Communication becomes even more challenging with incidences of forgetfulness and/or finding the right words increasing. Judgement is impacted at this stage and a person may not take as much care of themselves, with personal hygiene standards not being maintained. Incontinence is also very common during this stage.
The most significant change at this stage is the impact on a person’s mood and behaviour. Difficulties with sleeping, frustration resulting for some in aggressive behaviour, repeating actions or words and wandering are all common behaviours at this stage.
This stage of dementia is commonly referred to as mid-stage dementia. This is generally the longest stage in a person’s dementia journey lasting between 2 to 10 years.
This stage is typically referred to as late-stage dementia or advanced dementia. It is characterised by severs decline in cognitive and physical function.
People in the advanced stages of dementia become increasingly frail and depend more on other people for support. As dementia progresses it causes changes to the person’s brain, they may struggle to do many of the things they used to. However, even in the advanced stages the person may experience moments of lucidity (being aware of their situation) and they are always aware of how they are feeling, even if they do not quite know what made them feel that way.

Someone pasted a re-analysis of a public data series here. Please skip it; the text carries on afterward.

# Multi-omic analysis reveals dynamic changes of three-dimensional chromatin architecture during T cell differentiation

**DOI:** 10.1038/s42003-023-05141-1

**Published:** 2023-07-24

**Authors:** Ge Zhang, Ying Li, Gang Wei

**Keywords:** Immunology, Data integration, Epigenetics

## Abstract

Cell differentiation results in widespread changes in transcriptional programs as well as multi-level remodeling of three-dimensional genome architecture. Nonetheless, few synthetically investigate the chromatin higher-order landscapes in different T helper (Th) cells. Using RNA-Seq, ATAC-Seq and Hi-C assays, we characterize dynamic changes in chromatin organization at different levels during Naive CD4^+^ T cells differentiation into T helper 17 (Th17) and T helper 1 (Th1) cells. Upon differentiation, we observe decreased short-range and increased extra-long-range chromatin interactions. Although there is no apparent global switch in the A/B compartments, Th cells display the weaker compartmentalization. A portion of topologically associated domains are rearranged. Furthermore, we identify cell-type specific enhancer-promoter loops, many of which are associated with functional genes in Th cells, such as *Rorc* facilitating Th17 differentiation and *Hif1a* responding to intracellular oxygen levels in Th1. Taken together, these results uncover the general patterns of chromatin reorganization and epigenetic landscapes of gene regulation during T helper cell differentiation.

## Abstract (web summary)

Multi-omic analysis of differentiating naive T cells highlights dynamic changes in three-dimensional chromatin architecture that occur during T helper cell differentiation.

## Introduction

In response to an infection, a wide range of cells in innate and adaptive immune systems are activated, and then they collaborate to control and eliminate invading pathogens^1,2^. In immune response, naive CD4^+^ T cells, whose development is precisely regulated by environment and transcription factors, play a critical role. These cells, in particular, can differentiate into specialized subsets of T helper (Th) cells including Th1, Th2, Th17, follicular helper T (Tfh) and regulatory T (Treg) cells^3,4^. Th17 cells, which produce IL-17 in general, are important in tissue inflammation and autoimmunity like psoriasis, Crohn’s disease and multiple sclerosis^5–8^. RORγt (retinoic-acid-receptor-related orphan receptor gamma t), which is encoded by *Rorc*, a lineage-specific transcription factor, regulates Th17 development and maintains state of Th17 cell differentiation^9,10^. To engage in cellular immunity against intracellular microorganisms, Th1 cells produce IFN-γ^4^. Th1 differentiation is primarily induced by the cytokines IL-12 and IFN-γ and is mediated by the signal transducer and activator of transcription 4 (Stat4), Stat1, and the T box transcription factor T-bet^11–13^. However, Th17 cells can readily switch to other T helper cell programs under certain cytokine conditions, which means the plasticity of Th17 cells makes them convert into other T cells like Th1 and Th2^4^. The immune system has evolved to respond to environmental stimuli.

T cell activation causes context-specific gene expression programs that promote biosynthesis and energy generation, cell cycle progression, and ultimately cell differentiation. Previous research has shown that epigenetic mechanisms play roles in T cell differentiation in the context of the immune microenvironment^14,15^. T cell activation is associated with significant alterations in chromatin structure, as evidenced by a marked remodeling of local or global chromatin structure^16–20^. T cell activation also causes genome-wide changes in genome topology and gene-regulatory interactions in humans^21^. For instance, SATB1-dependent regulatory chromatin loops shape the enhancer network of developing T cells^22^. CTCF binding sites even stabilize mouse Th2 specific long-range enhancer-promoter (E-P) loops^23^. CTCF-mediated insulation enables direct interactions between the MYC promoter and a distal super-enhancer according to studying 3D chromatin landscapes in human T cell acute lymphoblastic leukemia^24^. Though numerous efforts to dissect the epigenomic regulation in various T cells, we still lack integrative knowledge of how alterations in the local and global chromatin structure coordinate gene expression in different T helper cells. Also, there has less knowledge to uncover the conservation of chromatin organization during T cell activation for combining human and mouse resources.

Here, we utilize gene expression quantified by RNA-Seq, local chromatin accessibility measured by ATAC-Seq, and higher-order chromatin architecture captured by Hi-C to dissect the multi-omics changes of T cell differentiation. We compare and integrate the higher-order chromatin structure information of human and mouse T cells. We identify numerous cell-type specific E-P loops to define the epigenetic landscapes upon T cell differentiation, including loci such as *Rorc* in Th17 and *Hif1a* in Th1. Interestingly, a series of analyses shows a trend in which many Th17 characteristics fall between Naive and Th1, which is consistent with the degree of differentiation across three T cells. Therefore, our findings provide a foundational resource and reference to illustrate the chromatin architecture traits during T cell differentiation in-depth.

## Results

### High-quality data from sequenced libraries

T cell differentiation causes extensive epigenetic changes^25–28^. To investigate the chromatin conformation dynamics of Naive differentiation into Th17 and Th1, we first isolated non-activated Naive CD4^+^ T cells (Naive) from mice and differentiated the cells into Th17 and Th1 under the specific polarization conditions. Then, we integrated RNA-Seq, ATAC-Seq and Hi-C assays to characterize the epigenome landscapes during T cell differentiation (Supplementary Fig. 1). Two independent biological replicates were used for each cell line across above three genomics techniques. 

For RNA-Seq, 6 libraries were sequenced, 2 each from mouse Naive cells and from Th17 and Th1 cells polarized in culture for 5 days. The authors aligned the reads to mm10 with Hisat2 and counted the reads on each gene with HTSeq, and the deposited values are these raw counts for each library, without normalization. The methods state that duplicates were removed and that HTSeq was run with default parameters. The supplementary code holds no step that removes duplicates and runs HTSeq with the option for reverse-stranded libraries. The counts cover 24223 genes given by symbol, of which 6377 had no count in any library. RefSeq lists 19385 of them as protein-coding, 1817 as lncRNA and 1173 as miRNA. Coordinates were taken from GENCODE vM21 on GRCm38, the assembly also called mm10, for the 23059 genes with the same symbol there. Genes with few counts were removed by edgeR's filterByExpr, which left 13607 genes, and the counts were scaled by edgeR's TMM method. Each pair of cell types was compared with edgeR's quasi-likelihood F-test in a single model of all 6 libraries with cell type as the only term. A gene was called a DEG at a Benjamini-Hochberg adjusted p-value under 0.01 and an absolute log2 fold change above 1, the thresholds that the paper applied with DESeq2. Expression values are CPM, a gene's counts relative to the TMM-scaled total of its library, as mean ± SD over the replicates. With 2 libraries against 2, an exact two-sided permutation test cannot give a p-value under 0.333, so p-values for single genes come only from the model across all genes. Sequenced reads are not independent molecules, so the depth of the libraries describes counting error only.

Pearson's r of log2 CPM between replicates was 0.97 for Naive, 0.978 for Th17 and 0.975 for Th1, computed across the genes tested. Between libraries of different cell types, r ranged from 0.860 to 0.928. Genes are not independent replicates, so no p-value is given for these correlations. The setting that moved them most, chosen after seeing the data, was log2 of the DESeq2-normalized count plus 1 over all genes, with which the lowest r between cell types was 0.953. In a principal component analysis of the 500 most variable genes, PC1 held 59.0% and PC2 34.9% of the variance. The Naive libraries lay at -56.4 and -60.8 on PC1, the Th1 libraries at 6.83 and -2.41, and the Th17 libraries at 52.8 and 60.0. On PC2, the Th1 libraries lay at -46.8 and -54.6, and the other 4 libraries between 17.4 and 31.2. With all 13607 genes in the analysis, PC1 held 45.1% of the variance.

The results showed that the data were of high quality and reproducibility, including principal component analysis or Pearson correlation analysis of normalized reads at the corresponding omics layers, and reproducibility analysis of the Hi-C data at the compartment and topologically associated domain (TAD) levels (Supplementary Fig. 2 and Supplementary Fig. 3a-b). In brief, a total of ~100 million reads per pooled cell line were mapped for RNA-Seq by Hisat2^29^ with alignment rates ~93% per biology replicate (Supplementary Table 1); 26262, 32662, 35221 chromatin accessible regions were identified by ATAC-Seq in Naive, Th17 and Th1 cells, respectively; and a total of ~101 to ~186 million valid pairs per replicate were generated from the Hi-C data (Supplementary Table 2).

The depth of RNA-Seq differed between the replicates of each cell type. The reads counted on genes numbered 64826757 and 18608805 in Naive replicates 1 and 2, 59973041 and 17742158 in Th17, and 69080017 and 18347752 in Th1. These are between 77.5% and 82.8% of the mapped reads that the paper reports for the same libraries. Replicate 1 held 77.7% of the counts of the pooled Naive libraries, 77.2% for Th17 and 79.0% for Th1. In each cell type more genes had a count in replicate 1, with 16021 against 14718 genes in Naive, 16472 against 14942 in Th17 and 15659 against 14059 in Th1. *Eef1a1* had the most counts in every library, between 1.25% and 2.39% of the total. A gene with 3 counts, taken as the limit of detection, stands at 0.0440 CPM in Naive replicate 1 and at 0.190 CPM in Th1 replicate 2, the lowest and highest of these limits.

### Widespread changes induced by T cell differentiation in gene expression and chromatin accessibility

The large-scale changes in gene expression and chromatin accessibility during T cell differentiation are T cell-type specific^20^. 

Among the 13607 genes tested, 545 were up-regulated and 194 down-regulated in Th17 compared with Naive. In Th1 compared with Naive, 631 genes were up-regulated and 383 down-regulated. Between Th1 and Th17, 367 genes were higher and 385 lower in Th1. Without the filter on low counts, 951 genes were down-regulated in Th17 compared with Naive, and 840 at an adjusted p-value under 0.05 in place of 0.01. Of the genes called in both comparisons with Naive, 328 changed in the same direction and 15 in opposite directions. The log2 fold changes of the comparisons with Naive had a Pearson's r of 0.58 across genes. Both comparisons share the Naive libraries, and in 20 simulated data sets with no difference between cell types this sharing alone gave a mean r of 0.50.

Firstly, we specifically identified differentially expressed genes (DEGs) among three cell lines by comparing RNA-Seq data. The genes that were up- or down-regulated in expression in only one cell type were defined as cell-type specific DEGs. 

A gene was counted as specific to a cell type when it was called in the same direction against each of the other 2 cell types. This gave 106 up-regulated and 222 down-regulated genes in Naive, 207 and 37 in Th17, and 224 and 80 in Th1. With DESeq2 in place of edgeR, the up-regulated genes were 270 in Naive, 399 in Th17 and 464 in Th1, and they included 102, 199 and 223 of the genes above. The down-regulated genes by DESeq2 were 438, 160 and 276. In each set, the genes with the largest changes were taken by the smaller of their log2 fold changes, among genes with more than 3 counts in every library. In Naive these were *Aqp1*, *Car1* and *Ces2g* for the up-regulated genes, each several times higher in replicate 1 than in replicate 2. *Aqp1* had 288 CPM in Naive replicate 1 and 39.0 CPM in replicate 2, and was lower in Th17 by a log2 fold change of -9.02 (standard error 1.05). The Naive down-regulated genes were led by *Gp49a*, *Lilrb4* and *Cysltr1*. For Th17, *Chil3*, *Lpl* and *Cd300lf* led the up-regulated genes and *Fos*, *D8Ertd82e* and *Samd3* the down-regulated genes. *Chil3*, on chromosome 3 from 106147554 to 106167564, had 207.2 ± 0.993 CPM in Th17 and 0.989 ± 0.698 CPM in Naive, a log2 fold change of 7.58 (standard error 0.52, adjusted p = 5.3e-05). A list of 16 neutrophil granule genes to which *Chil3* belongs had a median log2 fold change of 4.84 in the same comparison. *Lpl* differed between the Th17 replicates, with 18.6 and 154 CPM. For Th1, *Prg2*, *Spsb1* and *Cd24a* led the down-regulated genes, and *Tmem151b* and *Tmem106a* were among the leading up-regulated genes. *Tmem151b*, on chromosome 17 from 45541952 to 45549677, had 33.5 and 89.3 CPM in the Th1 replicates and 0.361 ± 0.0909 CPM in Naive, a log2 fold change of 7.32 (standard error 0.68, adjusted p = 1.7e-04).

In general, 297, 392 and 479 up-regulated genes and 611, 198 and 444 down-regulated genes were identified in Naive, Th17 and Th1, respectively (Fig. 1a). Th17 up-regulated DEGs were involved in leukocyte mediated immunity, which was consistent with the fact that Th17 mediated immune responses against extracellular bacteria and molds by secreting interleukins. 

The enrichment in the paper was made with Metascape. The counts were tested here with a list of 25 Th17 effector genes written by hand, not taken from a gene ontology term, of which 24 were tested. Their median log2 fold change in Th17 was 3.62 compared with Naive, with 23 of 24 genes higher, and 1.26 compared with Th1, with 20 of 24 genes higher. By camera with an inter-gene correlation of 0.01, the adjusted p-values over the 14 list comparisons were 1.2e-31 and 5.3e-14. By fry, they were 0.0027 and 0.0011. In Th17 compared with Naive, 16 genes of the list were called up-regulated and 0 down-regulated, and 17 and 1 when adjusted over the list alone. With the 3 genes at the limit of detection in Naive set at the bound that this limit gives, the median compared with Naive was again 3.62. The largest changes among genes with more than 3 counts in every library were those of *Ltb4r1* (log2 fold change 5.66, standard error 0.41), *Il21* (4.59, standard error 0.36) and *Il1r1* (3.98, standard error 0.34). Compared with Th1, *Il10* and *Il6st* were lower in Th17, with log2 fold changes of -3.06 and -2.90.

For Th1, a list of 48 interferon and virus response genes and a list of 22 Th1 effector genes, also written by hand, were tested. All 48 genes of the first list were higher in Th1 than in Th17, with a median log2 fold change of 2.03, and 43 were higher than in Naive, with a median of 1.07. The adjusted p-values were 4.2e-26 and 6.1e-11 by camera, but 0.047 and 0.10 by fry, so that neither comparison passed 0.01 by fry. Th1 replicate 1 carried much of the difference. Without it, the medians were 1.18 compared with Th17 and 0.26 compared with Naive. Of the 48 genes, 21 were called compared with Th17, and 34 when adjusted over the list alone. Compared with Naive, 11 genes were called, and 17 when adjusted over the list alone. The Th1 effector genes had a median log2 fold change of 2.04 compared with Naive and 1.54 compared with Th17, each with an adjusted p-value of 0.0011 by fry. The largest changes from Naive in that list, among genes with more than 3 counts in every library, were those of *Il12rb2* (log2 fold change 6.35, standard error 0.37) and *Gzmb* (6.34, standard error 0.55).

The person’s reactions are likely to be influenced by their environment and how they feel. For example, they may react more positively if they are in a familiar environment or one where they feel comfortable. Communication becomes increasing challenging and some people during this stage are not able to verbalise at all. It is likely at this stage a person will require higher levels of care and support to complete day-to-day tasks, like eating and personal care. At stage 7 it is likely that a person living with dementia will be spending most of their time in their bed.
This stage of dementia is the shortest in a person’s journey, typically lasting no longer than 3 years.